Wednesday marks the 100th day of the current Congress. This milestone is traditionally used to assess the new leadership, and by all measures of public health and the environment, Senate Majority Leader Mitch McConnell is failing miserably. He has used the first 100 days to attack clean-air laws, undermine water protections and block climate action.
None of his efforts has succeeded (they are too out of step with what most Americans want), but the next 100 days are likely to bring more assaults on environmental protections. McConnell has already vowed to use the upcoming appropriations process to handcuff agencies like the Environmental Protection Agency.
People aren't asking for more pollution in our communities. Quite the contrary. Most Americans value clean air and water, and the vast majority support government efforts to address climate change.
They want solutions, but Senator McConnell isn't offering any. The majority leader's plan for the environment entails nothing more than constantly saying "no." He offers no plan whatsoever to address climate change or protect our air, land, water, oceans or wildlife.
Instead of providing solutions, Senator McConnell is urging his party to side with big polluters. These oil, gas and coal companies invested $721 million in the past two years to support their candidates and interests in this Congress. Senator McConnell alone brought in $608,000 from the fossil-fuel industry for his 2014 campaign.
Here are just a few examples of the steps Senator McConnell has taken to carry out the big-polluter agenda to undermine our health and environment:
Blocking Climate Action and Clean Energy
- The first bill Senator McConnell introduced in the new Congress would have forced the approval of the Keystone XL pipeline for dirty tar-sands oil. This project would create a dramatic surge in carbon pollution and threaten communities with hard-to-clean-up oil spills. The president vetoed the bill.
- Senator McConnell and his colleagues voted against amendments to acknowledge the scientific consensus that humans are contributing significantly to climate change and that the problem needs to be addressed.
- One amendment to the Keystone XL bill would have blocked the renewal of important tax incentives for wind energy. The Senate also rejected another amendment calling for a national renewable-electricity standard.
- During the budget process at the end of March, Senator McConnell coordinated an attack on the Clean Power Plan with Senator Rob Portman, who introduced an amendment that would allow states to treat the first-ever carbon limits for power plants as optional, giving states the ability to continue dumping unlimited amounts of carbon pollution into our air.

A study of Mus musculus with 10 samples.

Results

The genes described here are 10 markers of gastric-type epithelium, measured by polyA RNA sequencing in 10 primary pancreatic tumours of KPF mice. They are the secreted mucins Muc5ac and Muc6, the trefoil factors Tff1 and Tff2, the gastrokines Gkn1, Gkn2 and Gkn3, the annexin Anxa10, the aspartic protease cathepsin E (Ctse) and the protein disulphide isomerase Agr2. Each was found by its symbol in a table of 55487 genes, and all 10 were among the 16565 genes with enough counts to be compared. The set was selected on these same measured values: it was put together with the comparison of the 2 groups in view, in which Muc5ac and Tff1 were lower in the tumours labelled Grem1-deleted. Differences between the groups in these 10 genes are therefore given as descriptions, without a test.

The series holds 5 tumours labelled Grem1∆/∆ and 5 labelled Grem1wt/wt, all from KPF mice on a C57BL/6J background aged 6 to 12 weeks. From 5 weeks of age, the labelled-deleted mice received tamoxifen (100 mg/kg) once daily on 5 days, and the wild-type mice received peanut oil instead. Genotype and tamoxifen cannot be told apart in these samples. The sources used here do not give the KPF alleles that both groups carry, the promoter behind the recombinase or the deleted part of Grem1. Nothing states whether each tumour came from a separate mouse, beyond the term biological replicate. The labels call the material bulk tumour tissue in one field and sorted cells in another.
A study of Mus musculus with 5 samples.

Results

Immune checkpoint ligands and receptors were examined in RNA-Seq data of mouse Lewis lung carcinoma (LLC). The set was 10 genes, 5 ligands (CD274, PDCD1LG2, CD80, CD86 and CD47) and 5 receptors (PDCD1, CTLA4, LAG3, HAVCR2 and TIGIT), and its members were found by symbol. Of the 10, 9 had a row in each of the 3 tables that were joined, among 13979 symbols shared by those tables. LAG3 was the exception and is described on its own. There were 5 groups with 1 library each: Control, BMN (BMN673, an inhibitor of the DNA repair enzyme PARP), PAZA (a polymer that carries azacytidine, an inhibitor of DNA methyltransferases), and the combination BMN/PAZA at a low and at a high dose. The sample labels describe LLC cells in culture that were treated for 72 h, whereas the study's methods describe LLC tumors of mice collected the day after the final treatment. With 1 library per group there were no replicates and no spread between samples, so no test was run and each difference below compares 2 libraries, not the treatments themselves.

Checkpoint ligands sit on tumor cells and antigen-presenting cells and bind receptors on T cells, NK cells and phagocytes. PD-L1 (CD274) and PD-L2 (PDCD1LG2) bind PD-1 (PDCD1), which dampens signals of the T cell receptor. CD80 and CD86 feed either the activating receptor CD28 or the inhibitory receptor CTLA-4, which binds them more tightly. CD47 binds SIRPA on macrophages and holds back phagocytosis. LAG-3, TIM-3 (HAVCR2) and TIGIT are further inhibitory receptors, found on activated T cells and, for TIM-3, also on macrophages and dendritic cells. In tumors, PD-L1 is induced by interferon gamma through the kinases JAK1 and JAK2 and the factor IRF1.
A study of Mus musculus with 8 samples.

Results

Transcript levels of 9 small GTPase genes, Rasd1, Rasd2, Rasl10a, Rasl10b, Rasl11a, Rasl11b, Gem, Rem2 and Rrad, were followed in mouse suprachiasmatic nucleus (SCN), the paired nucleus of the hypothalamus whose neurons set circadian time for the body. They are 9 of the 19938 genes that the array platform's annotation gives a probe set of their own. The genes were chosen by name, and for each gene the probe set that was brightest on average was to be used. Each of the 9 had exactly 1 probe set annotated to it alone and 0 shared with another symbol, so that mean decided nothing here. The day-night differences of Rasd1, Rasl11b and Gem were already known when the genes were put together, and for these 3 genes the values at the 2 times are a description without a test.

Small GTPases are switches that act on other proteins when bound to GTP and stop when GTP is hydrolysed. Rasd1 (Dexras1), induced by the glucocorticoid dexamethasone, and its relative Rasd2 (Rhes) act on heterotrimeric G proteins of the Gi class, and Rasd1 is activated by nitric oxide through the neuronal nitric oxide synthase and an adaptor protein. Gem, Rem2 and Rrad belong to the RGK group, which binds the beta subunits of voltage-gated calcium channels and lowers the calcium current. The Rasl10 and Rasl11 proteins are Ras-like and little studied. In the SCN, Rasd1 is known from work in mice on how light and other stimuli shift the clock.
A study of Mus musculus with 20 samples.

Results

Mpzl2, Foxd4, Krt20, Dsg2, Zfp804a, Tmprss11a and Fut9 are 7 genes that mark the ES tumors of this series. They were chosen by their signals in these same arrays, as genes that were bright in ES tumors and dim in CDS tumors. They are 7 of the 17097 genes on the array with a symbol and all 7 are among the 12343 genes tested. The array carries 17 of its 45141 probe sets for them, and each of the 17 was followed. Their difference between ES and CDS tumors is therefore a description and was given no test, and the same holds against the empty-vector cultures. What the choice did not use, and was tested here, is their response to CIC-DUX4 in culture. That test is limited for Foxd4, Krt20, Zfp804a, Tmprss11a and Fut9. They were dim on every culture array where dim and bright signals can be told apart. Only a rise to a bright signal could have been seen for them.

Thwarting Clean-Water Protection
- During the recent budget debate, the Senate passed an amendment that would undermine the Clean Waters Rule -- a safeguard that will protect the streams that feed drinking-water sources for one in three Americans. Attacks on the Clean Waters Rule will leave these water supplies vulnerable to pollution from mining, agriculture and other industries.
Liquidating Public Lands and Wildlife
- In January the Senate considered an amendment to the Keystone XL bill that would have opened up millions of acres of wilderness areas to devastating activities like oil and gas development. The amendment failed.
- As part of the budget process the Senate passed an amendment that would sell off large chunks of publicly owned land to the highest bidder.
- Nine bills and amendments would undermine the Antiquities Act, which eight Republican and eight Democratic presidents used to protect the Grand Canyon, the Statue of Liberty, and other iconic places.
- Twenty-two measures would either gut the Endangered Species Act or put specific wildlife species on the chopping block.
These attacks reflect Senator McConnell's plan to make dismantling bedrock environmental laws the heart of the Republican Senate agenda. This is a radical attack on laws that have held firm for four decades and protected generations of Americans from dangerous pollution.
It's time to stop this big-polluter agenda before it does real damage. The best way to counter fossil-fuel influence is to raise our voices and tell lawmakers to protect the environment and act on climate change.